Q: I'm planning take a road trip with my family to visit relatives in Texas for Christmas. Does the BBB have tips on traveling for the holidays?
A: The holidays are a time of cheer, but they can also be a time for battling traffic and bad weather on the road. Staying safe should be a top priority for all travelers and their families. Better Business Bureau recommends taking a few precautions when hitting the road this holiday.
Give your car the inspection and attention that it may need. Make sure you are well equipped with tools and know where to turn should the unexpected happen.
BBB recommends taking the following steps for safe driving this holiday season:
1. Create a car safety kit. Holiday driving often includes the threat of dangerous winter weather. Snow and ice lead to accidents, car troubles, long delays and road closures. You can prepare for bad weather by creating your own safety kit. Basics for the kit include blankets, flash-light with extra batteries, radio, first aid kit, jumper cables, non-perishable foods like granola bars and nuts, bottled water (enough for the whole family to hold over for at least two days), any prescription medicine needed, an ice scraper and warm gloves.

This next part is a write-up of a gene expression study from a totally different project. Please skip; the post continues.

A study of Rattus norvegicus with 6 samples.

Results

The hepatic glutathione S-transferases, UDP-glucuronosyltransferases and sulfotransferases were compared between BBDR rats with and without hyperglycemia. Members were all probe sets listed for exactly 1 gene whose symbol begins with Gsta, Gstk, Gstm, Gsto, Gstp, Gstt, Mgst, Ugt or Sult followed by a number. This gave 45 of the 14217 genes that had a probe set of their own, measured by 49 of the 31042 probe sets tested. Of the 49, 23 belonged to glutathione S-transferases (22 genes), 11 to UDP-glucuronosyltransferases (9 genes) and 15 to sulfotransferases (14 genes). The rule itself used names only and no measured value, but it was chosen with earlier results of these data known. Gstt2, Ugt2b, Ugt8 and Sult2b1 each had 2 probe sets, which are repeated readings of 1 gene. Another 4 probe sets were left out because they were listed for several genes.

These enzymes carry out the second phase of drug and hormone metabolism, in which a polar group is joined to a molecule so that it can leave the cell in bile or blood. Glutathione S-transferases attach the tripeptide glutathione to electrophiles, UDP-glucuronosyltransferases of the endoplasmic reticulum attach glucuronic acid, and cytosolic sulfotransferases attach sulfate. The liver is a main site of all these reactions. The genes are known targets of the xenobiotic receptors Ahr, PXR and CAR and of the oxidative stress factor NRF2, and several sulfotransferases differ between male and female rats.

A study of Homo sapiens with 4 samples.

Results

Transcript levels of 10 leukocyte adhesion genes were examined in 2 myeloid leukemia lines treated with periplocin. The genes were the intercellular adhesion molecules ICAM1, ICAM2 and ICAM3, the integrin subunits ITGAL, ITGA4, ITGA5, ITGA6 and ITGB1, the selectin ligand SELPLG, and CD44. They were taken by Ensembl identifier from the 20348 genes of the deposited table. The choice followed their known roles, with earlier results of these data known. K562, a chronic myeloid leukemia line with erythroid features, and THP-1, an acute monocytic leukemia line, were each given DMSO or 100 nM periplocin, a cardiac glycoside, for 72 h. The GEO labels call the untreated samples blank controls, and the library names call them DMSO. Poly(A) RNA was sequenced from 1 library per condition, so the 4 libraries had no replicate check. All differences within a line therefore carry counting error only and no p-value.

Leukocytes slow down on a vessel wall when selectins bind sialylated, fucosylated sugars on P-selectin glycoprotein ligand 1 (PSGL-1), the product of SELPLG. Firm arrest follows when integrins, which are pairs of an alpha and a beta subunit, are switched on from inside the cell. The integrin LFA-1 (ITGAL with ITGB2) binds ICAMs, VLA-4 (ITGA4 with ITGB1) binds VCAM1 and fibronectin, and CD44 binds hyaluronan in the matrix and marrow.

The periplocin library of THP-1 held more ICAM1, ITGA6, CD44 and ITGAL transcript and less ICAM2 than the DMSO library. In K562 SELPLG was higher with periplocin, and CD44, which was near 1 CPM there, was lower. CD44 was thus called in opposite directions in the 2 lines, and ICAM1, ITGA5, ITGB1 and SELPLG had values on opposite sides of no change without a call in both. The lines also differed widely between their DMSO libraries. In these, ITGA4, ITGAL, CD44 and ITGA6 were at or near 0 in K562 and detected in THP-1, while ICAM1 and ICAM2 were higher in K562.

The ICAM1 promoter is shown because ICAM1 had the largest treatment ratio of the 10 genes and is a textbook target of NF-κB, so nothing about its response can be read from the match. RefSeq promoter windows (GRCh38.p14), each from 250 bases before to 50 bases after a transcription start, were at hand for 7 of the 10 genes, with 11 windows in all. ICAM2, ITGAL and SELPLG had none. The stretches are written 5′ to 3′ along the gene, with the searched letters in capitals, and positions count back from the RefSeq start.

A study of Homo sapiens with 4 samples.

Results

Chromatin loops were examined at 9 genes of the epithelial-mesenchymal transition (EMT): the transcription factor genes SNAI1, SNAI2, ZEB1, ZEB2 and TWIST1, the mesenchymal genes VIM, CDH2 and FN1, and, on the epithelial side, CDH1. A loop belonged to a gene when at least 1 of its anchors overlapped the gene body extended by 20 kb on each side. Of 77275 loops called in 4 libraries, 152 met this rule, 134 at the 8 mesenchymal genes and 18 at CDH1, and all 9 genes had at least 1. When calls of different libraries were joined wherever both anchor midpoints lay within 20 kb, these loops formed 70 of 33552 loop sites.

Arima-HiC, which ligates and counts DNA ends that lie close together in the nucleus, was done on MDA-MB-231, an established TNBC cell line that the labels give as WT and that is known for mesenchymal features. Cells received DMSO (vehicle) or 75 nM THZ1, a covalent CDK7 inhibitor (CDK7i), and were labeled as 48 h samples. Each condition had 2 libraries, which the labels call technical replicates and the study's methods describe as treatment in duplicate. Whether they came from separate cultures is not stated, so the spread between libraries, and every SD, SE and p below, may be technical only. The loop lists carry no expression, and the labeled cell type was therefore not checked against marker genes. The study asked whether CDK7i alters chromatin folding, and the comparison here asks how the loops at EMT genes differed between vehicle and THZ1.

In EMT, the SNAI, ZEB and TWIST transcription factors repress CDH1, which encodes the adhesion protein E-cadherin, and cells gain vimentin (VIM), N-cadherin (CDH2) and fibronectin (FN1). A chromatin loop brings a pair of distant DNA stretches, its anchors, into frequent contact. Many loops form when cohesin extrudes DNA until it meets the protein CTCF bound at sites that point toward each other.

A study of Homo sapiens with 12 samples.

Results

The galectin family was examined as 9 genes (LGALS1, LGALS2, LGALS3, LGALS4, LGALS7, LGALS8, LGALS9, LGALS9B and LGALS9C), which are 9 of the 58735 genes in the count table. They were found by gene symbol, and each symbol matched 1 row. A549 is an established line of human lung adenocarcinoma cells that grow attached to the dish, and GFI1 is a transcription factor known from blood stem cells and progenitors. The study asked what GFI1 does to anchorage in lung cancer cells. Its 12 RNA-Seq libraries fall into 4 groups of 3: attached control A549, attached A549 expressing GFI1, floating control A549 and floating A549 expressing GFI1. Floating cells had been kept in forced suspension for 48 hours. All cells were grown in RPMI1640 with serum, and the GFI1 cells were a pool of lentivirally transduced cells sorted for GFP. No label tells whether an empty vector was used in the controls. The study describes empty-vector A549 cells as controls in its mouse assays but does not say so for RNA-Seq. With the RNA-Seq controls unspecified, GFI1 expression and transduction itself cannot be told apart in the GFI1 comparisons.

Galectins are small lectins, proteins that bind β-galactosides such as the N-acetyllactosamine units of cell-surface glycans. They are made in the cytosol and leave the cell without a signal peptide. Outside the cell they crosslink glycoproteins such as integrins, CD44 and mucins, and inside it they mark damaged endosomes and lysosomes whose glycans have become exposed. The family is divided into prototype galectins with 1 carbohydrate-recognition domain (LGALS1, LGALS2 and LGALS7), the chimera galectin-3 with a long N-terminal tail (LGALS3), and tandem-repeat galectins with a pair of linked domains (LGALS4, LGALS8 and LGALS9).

2. Take the car in for a checkup. Breaking down on the side of the road can definitely put a damper on the holiday spirit. If your car is due for a checkup, take it in before making that long haul. At the very least, check the car's fluid levels, wipers and tire pressure. Check the condition of your tires and, if you plan on driving through serious winter weather, consider getting snow tires.
3. Take BBB with you. When you're away from home or in the midst of an emergency, it's hard to know which businesses, such as tow trucks and locksmiths you can trust. The good news is you can now rely on the BBB mobilized website www.bbb.org for finding businesses you can trust when you are away from your computer.
4. Start early and slow down. The best way to fight holiday traffic is to give yourself some extra time to make the trip, and do not speed. Speeding leads to accidents, which slows traffic and cause bottlenecks. It uses more of the fuel in a shorter amount of time, which makes you have to spend more on gas, and stop more often. Also, if you are caught speeding by law enforcement, that adds travel time and puts a dent in your holiday spending.
5. Drop the distractions. According to the Insurance Institute for Highway Safety, drivers who use hand-held devices are four times as likely to get into crashes serious enough to injure themselves. When you're behind the wheel, don't text and drive, use a hands-free headset when talking on the phone, and get someone else to fumble with the GPS. Also, keep in mind that many states now have laws that ban hand-held cell phone talking and texting while driving. Either way, your best bet is to play it safe and designate a co-pilot to handle your communication while you drive. For a list and maps on which states are affected see, http://www.iihs.org/iihs/topics/laws/cellphonelaws/.
Jim Winsett is president of the Better Business Bureau of Chattanooga.